How coronavirus is leading to a religious revival

Apr 28, 2020 by

By Sebastian Shehadi and Miriam Partington, New Statesman:

As Covid-19 reminds us of life’s fragility, an increasing number of people are turning to faith and spirituality.

orinna Camilleri was five years old when she began attending church in her hometown of Mdina, Malta. She remembers learning to recite prayers word for word from the Bible, many of which she still remembers today. “I always believed in a God,” says the London-based artist. “But looking at the coronavirus situation, I’m questioning his agenda. What kind of twisted entity would allow such suffering?”

While Corinna may be experiencing a crisis of faith, recent data shows that others may be engaging more with religion since lockdown. The fact that Bible app downloads shot up in March globally is one indication of this. The top English-language Bible on Google Play and App Store was installed almost two million times, the highest amount ever recorded for March, according to Appfigures. Similarly, one of the UK’s largest online Christian bookstores, Eden, has seen physical Bible sales rise by 55 per cent in April, while Google searches for “prayer” and “Christianity” have skyrocketed.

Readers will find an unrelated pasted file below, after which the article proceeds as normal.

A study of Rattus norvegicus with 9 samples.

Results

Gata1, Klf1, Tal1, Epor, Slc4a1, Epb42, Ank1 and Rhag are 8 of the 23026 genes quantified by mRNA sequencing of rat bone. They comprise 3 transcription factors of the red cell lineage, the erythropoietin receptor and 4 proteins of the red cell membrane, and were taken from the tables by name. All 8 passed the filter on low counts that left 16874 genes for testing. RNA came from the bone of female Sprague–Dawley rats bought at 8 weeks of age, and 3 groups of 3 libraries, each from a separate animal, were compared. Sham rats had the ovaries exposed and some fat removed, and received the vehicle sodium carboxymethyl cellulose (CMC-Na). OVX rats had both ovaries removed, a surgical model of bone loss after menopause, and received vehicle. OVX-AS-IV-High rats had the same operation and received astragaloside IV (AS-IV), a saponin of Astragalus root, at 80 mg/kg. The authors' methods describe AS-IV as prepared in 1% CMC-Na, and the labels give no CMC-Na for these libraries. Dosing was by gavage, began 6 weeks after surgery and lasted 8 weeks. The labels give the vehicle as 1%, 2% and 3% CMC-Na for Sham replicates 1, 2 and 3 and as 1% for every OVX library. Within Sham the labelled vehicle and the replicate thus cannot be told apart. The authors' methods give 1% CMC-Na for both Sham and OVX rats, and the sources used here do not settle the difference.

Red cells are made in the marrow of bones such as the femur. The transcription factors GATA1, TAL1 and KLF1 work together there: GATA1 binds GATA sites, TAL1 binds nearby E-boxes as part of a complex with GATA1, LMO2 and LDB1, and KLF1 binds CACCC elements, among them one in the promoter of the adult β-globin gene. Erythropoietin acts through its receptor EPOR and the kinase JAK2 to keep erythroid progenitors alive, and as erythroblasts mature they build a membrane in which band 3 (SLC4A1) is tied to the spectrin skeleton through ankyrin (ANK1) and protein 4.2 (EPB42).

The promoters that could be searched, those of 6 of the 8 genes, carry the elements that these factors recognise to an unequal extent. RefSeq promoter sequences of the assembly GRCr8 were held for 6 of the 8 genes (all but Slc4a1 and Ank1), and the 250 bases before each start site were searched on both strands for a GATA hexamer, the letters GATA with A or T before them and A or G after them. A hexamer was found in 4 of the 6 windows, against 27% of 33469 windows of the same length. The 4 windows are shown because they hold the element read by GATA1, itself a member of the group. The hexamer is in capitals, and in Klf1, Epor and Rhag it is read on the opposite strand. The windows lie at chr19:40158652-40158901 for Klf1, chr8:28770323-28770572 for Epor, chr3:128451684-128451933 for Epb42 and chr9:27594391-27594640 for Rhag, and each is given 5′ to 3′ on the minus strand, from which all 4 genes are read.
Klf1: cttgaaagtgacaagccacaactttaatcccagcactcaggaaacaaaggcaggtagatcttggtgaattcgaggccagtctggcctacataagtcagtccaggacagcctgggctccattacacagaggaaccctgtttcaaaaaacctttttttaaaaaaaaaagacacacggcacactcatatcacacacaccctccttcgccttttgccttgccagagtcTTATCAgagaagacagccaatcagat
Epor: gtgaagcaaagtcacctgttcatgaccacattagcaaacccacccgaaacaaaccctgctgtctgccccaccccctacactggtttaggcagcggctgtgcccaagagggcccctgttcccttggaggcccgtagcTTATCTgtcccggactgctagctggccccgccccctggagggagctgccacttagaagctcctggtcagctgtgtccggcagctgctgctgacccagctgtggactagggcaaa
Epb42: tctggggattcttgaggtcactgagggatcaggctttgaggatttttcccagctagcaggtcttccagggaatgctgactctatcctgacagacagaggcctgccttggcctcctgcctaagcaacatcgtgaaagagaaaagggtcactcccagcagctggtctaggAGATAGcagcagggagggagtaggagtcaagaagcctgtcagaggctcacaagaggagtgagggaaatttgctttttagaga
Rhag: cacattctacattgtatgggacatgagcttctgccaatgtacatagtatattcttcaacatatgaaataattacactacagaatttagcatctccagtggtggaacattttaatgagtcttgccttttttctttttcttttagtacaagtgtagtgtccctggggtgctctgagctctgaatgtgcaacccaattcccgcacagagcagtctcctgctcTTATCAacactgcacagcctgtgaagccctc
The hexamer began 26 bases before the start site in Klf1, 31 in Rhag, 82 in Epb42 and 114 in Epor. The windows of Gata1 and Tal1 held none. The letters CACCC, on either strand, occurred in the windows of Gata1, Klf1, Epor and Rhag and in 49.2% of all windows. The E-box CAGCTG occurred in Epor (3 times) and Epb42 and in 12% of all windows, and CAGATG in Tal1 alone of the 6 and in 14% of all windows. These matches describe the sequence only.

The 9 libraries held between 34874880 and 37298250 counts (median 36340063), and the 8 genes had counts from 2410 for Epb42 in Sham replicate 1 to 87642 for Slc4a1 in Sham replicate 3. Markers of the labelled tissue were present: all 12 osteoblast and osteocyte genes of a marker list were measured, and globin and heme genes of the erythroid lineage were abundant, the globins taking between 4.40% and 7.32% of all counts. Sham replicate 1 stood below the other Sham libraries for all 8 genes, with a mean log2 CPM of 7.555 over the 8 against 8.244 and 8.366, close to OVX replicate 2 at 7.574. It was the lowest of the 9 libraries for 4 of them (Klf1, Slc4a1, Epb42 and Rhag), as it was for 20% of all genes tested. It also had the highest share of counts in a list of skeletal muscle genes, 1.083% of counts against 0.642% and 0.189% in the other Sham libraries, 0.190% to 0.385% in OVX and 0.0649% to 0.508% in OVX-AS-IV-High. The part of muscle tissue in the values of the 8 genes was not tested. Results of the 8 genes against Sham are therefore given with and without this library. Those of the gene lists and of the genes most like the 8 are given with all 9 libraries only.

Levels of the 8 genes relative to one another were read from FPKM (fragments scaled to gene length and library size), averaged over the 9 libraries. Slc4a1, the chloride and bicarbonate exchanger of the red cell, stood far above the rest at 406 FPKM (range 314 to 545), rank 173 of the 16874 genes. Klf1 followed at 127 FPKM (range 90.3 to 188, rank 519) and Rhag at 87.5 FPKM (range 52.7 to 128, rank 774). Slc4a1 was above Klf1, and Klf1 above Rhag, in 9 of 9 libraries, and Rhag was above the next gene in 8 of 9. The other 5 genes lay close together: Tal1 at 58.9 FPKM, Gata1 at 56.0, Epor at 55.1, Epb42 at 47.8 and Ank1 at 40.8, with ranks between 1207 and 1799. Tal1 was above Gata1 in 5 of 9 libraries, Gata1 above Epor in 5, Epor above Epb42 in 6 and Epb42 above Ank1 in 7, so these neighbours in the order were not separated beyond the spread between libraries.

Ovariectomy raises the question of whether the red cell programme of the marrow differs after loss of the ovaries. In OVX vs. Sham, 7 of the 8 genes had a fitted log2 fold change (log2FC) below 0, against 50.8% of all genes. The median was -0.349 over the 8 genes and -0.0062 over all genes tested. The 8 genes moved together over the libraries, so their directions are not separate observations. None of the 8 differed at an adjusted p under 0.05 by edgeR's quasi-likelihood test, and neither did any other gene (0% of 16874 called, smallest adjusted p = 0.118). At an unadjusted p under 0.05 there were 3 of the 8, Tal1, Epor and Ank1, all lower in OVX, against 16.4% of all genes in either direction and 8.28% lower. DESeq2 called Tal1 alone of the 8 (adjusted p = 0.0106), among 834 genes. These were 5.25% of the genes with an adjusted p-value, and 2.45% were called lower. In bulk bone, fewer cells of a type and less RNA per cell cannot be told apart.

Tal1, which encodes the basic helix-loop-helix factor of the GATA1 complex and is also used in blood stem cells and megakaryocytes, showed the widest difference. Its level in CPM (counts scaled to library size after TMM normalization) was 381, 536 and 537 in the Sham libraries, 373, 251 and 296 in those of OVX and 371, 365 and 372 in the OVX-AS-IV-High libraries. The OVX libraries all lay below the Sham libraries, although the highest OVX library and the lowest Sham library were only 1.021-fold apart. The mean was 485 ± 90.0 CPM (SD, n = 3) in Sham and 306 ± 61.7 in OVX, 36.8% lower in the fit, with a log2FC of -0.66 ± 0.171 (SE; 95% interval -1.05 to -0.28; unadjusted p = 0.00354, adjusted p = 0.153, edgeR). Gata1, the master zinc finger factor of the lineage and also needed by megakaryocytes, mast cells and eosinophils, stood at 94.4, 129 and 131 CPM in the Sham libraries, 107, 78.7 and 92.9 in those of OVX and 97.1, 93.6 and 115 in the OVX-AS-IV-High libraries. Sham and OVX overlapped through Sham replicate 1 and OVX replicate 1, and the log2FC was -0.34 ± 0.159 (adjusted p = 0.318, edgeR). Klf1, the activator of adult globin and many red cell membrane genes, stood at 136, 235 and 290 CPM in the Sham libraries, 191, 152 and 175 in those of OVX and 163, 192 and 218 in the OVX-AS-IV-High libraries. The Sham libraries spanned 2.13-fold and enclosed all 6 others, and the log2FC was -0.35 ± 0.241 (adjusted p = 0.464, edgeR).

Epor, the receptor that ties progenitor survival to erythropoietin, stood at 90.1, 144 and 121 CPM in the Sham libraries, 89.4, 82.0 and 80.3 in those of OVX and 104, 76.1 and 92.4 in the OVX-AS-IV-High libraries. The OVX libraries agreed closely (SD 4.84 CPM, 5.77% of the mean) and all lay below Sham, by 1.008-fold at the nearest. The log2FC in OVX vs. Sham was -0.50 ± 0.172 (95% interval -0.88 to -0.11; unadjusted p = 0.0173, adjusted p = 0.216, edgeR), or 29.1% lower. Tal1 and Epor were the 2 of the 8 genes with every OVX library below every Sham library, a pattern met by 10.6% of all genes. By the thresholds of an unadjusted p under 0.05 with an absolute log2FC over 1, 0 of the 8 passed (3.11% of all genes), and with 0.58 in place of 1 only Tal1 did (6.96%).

The pandemic has triggered a “historic spiritual moment”, says Dr Rowan Williams, the former archbishop of Canterbury, who is unsurprised by the growth in Bible-reading. He notes that engagement with online church services is also booming, and that it is a response to feelings of disorientation, fragility and fear caused by the crisis.

“Online, one can preserve a measure of anonymity. You can tune into something without committing yourself, and expose yourself to something fresh,” he adds.

Since lockdown began, one of the UK’s largest churches, Holy Trinity Brompton (HTB), has seen turnout double for its online Alpha course, a space for non-believers to ask questions about faith and Christianity.